I’ve discovered in the past few weeks that there are things I thought I’d never be able to do, but that that I can and did accomplish. There are things I never considered in my life, and some I can manage but some I cannot. And there are things I thought I could handle that just break me down.
Three weeks ago, my cat died. I’ve been afraid of a pet dying on me since consciously recognizing their mortality. What do you do when an animal dies in your arms? How do you manage to check that they’re still alive? Will I be afraid to hold them when they are dead? What about the last hours when things are clearly going to happen? I was surprised with myself that none of these concerns ever entered my mind. There was no fear for myself or disgust at what I may see. It was all love. Love and hope and the prayer that I could provide my little buddy with all he deserved. I was pleasantly surprised to see that I could do it all.
Things I never considered have arisen this week. I’ve thought about the passing of my mother and the processes around it for a while now. I believed I had thought things through, but when it became clear that her death was imminent, when conversations about plans began, I realized there were so many aspects I hadn’t considered. Granted, there was a much larger group of people handling this particular situation, and I was certainly not an important player, but there were discussions to have and questions to answer. What about her obituary? How will the pandemic affect the proceedings? Meals? Readings? Songs? There were so many details I had never even thought about.
One of the things I’m decidedly not good at is shopping for and choosing an outfit for my mother to be buried in. To say I was irrational in the moment is probably the kindest way to describe my behavior. My sister tried to choose something which I could not bring myself to support because, and get this, it seemed itchy. Because that makes a lot of sense. I didn’t voice a lot of concerns around outfits we looked at because I recognized how irrational I was being, but these types of thoughts kept occurring. I asked myself all sorts of silent questions about if things would be comfortable, warm enough, or have a place for her to put a tissue. I knew they didn’t make sense but that didn’t make them any less real. I was concerned about the length of dresses and when told “it’s ok; no one will see her bottom half in the casket,” I could not articulate that it didn’t matter because her legs would be cold and we needed to give her a blanket and she wouldn’t have worn something shorter anyway. I was being ridiculous and I knew it. Not good at this part. My poor sister.
I had never asked myself if I could hold my dying mother’s hand, kiss her forehead, speak to her to provide comfort. I would have thought I’d be too afraid, and that’s why I avoided the questions. It turns out that these things were surprisingly easy. When I first saw my mother in her final days, I had a solid ten seconds of shock and paralyzing fear. Paralyzing. Fear. Then, I was there. I was able to read and pray and talk to Mom with ease. There were lots of things I said that were for me, I realize. I apologized for things I see as my shortcomings. I reminded her of amazing stories she was a part of and told her things about my daily she didn’t know. I want to believe it was comforting to her, despite being relatively certain she was not really with me. Unfortunately yet freely, I admit there are things about those days that I could have happily lived my life without ever knowing, but those feelings are about me and not about Mom, so unhelpful.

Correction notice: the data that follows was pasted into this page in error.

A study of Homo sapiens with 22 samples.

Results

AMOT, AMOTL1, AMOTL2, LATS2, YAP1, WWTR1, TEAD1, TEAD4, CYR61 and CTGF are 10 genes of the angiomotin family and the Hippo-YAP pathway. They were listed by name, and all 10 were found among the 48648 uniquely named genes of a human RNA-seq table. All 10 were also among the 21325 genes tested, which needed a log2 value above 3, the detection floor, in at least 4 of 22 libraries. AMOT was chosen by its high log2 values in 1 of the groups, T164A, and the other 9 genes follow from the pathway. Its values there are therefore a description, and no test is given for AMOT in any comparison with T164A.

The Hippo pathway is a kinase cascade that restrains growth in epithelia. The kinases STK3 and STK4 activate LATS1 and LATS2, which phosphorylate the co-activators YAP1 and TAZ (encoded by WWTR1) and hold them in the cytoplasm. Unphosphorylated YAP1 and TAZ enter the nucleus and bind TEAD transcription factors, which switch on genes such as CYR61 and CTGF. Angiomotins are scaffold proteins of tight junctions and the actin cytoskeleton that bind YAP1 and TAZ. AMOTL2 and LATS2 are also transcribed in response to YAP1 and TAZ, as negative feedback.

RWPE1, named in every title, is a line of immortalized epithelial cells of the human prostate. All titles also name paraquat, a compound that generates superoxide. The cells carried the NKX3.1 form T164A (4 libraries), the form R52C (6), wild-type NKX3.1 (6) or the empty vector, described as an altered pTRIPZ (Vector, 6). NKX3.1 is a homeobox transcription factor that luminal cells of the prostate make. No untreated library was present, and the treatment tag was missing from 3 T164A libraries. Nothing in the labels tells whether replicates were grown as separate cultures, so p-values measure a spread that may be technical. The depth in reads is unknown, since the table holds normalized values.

I’m currently home in PA and sort of biding my time until we can leave for NJ again. I’m anxious to be among the plans and have the ability to do something. Being away gives me too much time to think. Thinking about what I couldn’t do, even when asked, is disappointing. I’m frustrated by the things I’ve discovered as shortcomings. At the same time, I’m angry with myself either when I brood or when I don’t. I’m glad Mom has left her body. I’m relieved for her to be with my dad again. This is the time that is the most challenging for those left behind. As a clever man once wrote and a wise one reminded me: “Dying is easy, living is harder.”
The next few days will prove to be more of the same types of discoveries, I am sure. I will test my capacity for compassion, patience, and for forgiveness. I will feel intense anxiety at being at the height of all of my emotions, and then dealing with something that I personally find exceptionally challenging at the best of times. I will also have moments of incredible joy, and I hope I am present enough to recognize them when they occur.
Dying is a test to all of us. My hopes for myself are that I am able to keep in mind the person who is the reason for all of the events in the next few days rather than considering my own needs. What I feel and want for my own self are not really important right now. I hope that I can be able to honor my mother in the events surrounding her death. I also hope that she doesn’t even bother seeing what I do because she’s just too full of peace and joy to care.